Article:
Current Priorities


As encouraged by federal funding sources, and following input activities by people with disabilities, family members and the public, each year P&A chooses some of the most important issues affecting people with disabilities and makes them priorities. Nearly all P&A services (including information & referral, client assistance & representation, education & training, and systems advocacy) are then focused on these priority issues. P&A may accept non-priority cases for advocacy assistance, advocacy representation, or legal representation when the presenting issue is considered to be egregious and all other criteria have been met. Very limited resources will be available for non-priority cases. P&A's grievance procedure is available to individuals whose request for advocacy services has been turned down because the issue is not within existing priorities or for other reasons.

P&A's current priorities include the following:

  • Abuse, Neglect & Exploitation: Advocating for people with disabilities to be free from harm and mistreatment and to receive quality services, individualized to each person's needs - providing protective services when necessary and appropriate.
  • Community Inclusion: Advocating for the rights of people with disabilities to live and receive services in the least restrictive environment. This includes receiving necessary supports to stay in one's own home. Areas of focus include:
    1. Transition of individuals with disabilities to the community from the Life Skills & Transition Center, the State Hospital, and other institutional settings.
    2. Advocacy for individuals with disabilities currently living in the community who are at risk for institutionalization because they do not have adequate community-based services
    3. Advocacy for individuals 18-21 years of age with developmental disabilities to receive adequate services after graduation from high school.
    4. Self-advocacy support, training, and technical assistance for groups and individuals with developmental disabilities.
  • Supported Decision Making and Guardianship: Providing training and technical assistance on supported decision-making as an alternative to guardianship.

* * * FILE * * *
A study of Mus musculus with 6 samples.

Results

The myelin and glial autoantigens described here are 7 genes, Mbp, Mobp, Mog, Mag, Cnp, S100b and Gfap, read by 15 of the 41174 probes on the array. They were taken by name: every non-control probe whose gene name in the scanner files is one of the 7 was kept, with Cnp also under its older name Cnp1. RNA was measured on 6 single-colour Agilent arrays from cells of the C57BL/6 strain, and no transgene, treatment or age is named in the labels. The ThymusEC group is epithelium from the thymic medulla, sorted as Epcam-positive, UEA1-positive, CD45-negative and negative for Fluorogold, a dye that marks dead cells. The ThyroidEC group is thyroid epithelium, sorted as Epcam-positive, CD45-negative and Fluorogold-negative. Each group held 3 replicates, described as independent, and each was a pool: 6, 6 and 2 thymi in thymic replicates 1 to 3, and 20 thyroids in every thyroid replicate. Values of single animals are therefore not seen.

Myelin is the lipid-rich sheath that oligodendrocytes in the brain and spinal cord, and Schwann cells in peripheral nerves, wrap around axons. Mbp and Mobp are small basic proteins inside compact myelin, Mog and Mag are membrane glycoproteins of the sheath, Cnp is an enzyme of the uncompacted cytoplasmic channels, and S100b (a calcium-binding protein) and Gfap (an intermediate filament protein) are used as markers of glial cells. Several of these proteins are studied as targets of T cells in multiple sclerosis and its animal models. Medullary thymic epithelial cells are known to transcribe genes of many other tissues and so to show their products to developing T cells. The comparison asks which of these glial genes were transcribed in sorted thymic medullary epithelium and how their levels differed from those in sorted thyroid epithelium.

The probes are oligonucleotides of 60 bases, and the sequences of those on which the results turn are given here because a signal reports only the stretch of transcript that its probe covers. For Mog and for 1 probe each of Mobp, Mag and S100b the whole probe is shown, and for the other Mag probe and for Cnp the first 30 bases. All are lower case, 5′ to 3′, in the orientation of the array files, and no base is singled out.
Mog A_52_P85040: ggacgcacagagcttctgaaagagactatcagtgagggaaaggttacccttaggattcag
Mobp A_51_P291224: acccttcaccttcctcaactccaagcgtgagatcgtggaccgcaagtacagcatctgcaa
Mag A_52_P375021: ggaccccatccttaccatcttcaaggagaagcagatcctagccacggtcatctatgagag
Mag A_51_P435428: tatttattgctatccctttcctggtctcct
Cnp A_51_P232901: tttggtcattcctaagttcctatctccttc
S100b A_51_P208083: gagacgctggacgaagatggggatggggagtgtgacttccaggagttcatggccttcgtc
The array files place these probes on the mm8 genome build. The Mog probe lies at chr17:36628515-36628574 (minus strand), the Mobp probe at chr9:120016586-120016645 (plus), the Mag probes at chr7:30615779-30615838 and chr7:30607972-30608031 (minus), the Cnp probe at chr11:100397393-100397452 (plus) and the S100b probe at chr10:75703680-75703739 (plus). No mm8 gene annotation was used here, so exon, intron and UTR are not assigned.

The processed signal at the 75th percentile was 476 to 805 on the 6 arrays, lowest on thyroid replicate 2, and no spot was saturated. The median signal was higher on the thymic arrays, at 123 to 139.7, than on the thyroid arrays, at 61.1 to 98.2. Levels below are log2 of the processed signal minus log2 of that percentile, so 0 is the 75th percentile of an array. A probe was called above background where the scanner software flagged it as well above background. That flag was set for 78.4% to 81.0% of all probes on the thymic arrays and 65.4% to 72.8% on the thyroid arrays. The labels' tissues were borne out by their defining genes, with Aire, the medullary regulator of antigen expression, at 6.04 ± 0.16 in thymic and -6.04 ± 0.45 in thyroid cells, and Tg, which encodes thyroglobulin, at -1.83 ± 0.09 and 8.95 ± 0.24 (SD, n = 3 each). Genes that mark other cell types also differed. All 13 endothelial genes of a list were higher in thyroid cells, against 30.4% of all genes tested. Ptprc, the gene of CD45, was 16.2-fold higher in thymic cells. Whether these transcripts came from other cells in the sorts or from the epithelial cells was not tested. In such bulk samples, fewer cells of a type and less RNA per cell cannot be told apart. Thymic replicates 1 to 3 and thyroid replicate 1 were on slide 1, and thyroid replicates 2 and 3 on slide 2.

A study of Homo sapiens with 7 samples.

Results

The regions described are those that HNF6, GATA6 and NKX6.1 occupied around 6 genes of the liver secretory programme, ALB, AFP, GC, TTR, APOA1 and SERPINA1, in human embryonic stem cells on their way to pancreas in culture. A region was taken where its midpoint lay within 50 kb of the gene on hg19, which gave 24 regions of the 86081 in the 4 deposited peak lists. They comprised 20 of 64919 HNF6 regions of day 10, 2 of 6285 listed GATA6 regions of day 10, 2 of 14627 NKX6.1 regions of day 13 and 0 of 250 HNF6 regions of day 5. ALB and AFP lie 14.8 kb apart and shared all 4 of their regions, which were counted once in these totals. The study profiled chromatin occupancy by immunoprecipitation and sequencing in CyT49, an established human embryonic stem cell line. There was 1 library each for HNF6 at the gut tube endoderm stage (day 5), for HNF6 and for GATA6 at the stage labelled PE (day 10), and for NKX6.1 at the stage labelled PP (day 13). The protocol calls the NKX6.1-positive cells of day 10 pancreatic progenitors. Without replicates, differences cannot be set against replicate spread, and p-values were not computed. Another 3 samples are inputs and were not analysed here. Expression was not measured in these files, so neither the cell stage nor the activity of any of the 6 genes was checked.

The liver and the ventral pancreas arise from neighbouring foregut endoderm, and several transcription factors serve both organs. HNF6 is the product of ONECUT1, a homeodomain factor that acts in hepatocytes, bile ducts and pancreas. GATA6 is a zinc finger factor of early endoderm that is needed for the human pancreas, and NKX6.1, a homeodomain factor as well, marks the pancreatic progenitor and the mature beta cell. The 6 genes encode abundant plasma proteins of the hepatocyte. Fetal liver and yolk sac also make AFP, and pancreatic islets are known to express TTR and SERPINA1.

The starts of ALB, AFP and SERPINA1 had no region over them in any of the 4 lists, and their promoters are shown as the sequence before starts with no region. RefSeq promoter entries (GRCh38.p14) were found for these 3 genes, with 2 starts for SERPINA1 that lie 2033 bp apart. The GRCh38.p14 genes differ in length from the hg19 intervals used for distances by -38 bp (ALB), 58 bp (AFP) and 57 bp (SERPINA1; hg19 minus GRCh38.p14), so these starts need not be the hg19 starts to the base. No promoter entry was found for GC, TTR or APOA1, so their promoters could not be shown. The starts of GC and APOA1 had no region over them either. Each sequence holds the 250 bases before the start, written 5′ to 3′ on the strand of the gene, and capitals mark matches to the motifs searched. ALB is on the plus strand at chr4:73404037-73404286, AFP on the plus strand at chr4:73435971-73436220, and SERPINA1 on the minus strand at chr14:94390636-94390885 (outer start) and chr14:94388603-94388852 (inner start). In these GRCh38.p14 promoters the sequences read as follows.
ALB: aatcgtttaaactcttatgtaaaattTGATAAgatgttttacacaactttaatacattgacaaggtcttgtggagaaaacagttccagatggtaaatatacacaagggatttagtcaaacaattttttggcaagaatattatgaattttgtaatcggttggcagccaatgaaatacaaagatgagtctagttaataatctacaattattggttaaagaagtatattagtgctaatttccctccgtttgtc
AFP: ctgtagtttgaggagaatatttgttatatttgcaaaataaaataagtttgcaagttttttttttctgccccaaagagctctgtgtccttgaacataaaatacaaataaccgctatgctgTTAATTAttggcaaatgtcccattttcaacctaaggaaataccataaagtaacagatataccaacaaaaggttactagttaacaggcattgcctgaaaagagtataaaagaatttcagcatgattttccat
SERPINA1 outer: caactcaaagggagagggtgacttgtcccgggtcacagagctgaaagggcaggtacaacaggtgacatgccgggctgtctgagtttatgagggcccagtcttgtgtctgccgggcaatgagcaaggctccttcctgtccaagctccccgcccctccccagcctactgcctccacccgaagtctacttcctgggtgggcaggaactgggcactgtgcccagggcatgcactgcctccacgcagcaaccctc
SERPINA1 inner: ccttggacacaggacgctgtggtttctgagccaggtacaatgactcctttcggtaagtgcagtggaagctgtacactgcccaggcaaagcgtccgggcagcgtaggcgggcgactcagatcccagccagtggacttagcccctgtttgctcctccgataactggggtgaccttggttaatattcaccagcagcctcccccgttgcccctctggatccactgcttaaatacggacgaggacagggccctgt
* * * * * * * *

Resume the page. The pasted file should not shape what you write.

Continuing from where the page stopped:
• Behavioral Health Care Continuum: Providing advocacy to expand and support the rights of individuals with mental illness to a system of behavioral health care that meets their needs and maximizes their ability to live in the community. This includes training to reduce stigma and enhance an appropriate recognition and response to the needs of individuals with mental illness. Efforts also include self-advocacy support, training, and information.
  • Criminal Justice: Advocating for people with brain injury, mental illness, or developmental disabilities who are, or may become, involved in the criminal justice system to obtain supports and services that meet their disability-related needs. A focus in this area is education on the concept, formulation, and implementation of Individual Justice Plans, particularly for individuals with traumatic brain injury. There is also a focus on the provision of appropriate mental health treatment and services in prison and jails.
  • Education: Advocating for students with disabilities to receive disability-related services consistent with state and federal laws. Areas of focus differ based on program, but include:
    1. Ensuring students receive multi-disciplinary evaluations, assessments, and identification of their disability; services identified in their Individual Education Plans; reasonable accommodations for disability-related needs; appropriate behavioral supports; appropriate transition from school to work and independent living; the use of seclusion and restraint; placement in the least restrictive setting; involvement in the juvenile justice system as a school response to disability-related behavior; and, appropriate assistive technology services or tools.
    2. Supporting students, parents, and educators in becoming more effective advocates for students' rights.
    3. Systems advocacy that seeks improvement and positive changes for students with disabilities.
  • Employment: Advocating for persons with disabilities to have access to meaningful employment at a fair wage. Priority is given to individuals who are eligible under the PABSS and CAP programs. Services provided may include:
    1. Advocacy to address employment discrimination based on disability and reasonable accommodation in the workplace.
    2. Advocacy for services and supports needed for people with disabilities to obtain and maintain employment.
    3. Provision of information and/or training regarding advocacy, vocational and support services and employment rights (including those under the Rehabilitation Act and Title I of the Americans with Disabilities Act), and the Client Assistance Program.
    4. Advocating for the rights of people with disabilities who are seeking or receiving treatment, services, or rehabilitation under the Rehabilitation Act.
    5. Systems advocacy that seeks an increase in vocational services and employment options for people with disabilities.
  • Healthcare: Advocating for disability-related, medically necessary health care through Medicaid, Medicare, or private insurance.
  • Voting: Advocating for a voting system that is accessible and provides equal opportunity for participation. Areas of focus include:
    1. Educating voters with disabilities about accessible ways to vote, the voting process, and their voting rights.
    2. Ensuring polling places are fully accessible.
    3. Assisting and educating voters with disabilities regarding their rights to due process under the State-based administrative procedure required by the Help America Vote Act.